The behavior of the Columbia River changed abruptly at Beacon Rock. In disbelief, Meriwether Lewis and William Clark watched the river on which they had logged 183 turbulent miles suddenly turn docile. Clark recognized that the Corps of Discovery now floated on Pacific Ocean tidewater. "The River got more Smooth, the current gentle wide and Strait," is the way that Sgt. John Ordway described the change. Presumably the river's modification foretold the nearness of the Pacific Ocean. That idea gained support on the evening of Nov. 3, 1805 when, according to Pvt. Joseph Whitehouse, "towards evening we met Several Indians in a canoe who were going up the River. they Signed to us that in two Sleeps we Should See the Ocean vessels and white people & amp;c. & amp;c."


Each succeeding day brought additional evidence to the Corps of Discovery that the Pacific Ocean lay just ahead. They saw Indians dressed in sailors' jackets, overalls or blue and scarlet manufactured blankets. Some carried muskets and used tin flasks to hold their powder. At least one native could curse in English. Most of the Indians seemed unafraid of the Euro-Americans, not assigning to their visitors any special status, as had the more remote tribes of the Rocky Mountains. In fact, on Nov. 4, while taking a meal, Clark found the Indians "assumeing and disagreeable," especially after "those fellows Stold my pipe Tomahawk." While searching in vain for the pipe tomahawk -- one of two dozen trade items with a hollow stem and a pipe bowl attached to the back of a tomahawk blade -- Clark discovered that the Indians had also secreted an expedition member's coat under the root of a tree. It was with a sense of relief, then, that Clark looked around his camp the next evening and noticed that, "This is the first night which we have been entirely clear of Indians since our arrival on the waters of the Columbia River." A further comment by Clark may explain why: "we are all wet Cold and disagreeable ... I saw 17 Snakes today."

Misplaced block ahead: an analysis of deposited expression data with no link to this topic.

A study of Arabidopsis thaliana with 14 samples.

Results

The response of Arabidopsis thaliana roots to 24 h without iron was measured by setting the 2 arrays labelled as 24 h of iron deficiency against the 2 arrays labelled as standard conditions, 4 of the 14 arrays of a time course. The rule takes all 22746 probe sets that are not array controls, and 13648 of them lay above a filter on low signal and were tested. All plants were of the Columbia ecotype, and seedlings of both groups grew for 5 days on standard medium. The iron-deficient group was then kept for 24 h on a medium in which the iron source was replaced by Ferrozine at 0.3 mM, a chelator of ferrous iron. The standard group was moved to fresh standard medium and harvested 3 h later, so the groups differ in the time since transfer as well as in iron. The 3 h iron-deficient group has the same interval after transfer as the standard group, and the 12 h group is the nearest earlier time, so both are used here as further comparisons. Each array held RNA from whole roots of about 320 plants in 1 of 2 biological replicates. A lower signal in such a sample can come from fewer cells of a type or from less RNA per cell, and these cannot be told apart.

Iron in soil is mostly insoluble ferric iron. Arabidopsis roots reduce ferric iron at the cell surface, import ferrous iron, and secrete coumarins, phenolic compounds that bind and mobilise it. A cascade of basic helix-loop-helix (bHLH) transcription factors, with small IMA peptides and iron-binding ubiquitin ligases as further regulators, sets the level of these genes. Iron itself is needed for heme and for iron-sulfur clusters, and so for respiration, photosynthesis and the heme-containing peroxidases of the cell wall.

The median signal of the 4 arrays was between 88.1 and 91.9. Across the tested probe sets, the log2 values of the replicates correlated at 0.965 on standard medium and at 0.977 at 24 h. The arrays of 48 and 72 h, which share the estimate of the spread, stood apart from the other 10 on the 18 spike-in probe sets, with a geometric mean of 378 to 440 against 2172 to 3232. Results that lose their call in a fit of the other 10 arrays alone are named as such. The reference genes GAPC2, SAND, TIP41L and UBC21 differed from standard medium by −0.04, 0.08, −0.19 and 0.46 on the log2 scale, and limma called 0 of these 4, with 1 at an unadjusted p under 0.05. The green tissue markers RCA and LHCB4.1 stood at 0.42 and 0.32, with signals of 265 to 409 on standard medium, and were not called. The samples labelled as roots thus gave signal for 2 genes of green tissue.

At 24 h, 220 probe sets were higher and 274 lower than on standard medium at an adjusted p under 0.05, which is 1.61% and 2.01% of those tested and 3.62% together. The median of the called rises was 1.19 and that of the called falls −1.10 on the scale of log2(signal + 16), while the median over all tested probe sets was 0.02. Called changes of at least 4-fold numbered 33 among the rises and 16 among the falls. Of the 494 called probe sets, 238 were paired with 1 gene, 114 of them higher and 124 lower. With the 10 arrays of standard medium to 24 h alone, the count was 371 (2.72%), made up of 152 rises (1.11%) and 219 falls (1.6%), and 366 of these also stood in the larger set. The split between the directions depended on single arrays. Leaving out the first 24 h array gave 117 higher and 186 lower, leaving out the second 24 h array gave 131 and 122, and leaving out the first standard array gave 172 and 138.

Islands hampered easy passage on the river and, at times, blocked views of the shore. Thus, the Corps of Discovery missed seeing the Willamette River, a major tributary of the Columbia, because they were on the wrong side of Sauvie Island, which is 15 miles long and four miles wide. (They will "discover" the river on their return journey in 1806.) Clark found "the river So Cut with Islands" on Nov. 7 that he hired "an Indian to pilot us into the main chanel [after] one of our Canoes Seperated from us this morning in the fog."


That evening, after 34 miles on the water, the fog lifted and Clark proudly wrote in his journal: "Great joy in camp we are in View of the Ocian, this great Pacific Octean which we been So long anxious to See. and the roreing or noise made by the waves brakeing on the rockey Shores (as I Suppose) May be heard distictly."


The expedition was, at this point, approximately 28 miles from the breaking surf of the Pacific Ocean. Leaning into their paddles the next morning, the men of the Corps of Discovery forced their dugout canoes toward the ocean against both tide and wind. But the Columbia is eight miles wide at Grays Bay, and the river's ocean-like swells soon overwhelmed the explorers. Several in the party became sea sick. "We thought it imprudent to proceed," writes Clark. The refuge Clark chose on the beach, however, proved to be untenable, "in as much, as we have not leavel land Sufficient for an encampment and for our baggage to lie Cleare of the tide, the High hills jutting in So Close and Steep that we cannot retreat back, and the water of the river too Salt to be used, added to this the waves are increasing to Such a hight that we cannot move from this place, in this Situation we are compelled to form our camp between the hite of the Ebb and flood tides, and rase our baggage on logs."


As anxious as the members of the party were to abandon that spot, the Corps of Discovery had no choice but to hunker down on Nov. 9 and stay put. A bad situation got worse at 2 pm when rain, driven sideways by wind, pounded the camp, and the floodtide pushed driftwood ashore. It was only "with every exertion and the Strictest attention by every individual of the party [that it] was Scercely Sufficient to Save our Canoes from being crushed by those monsterous trees maney of them nearly 200 feet long and from 4 to 7 feet through," reports Clark. In spite of everything, Clark believed that the members of his command remained "chearful and anxious to See further into the Ocian."





NEXT WEEK: The Corps of Discovery establishes a base camp at the mouth of the Columbia.





Robert Carriker has directed eight National Endowment for the Humanities seminars on the Lewis and Clark expedition and is author of Ocean in View! O! the Joy. When he's not out retracing the steps of the Corps of Discovery, he teaches history at Gonzaga University.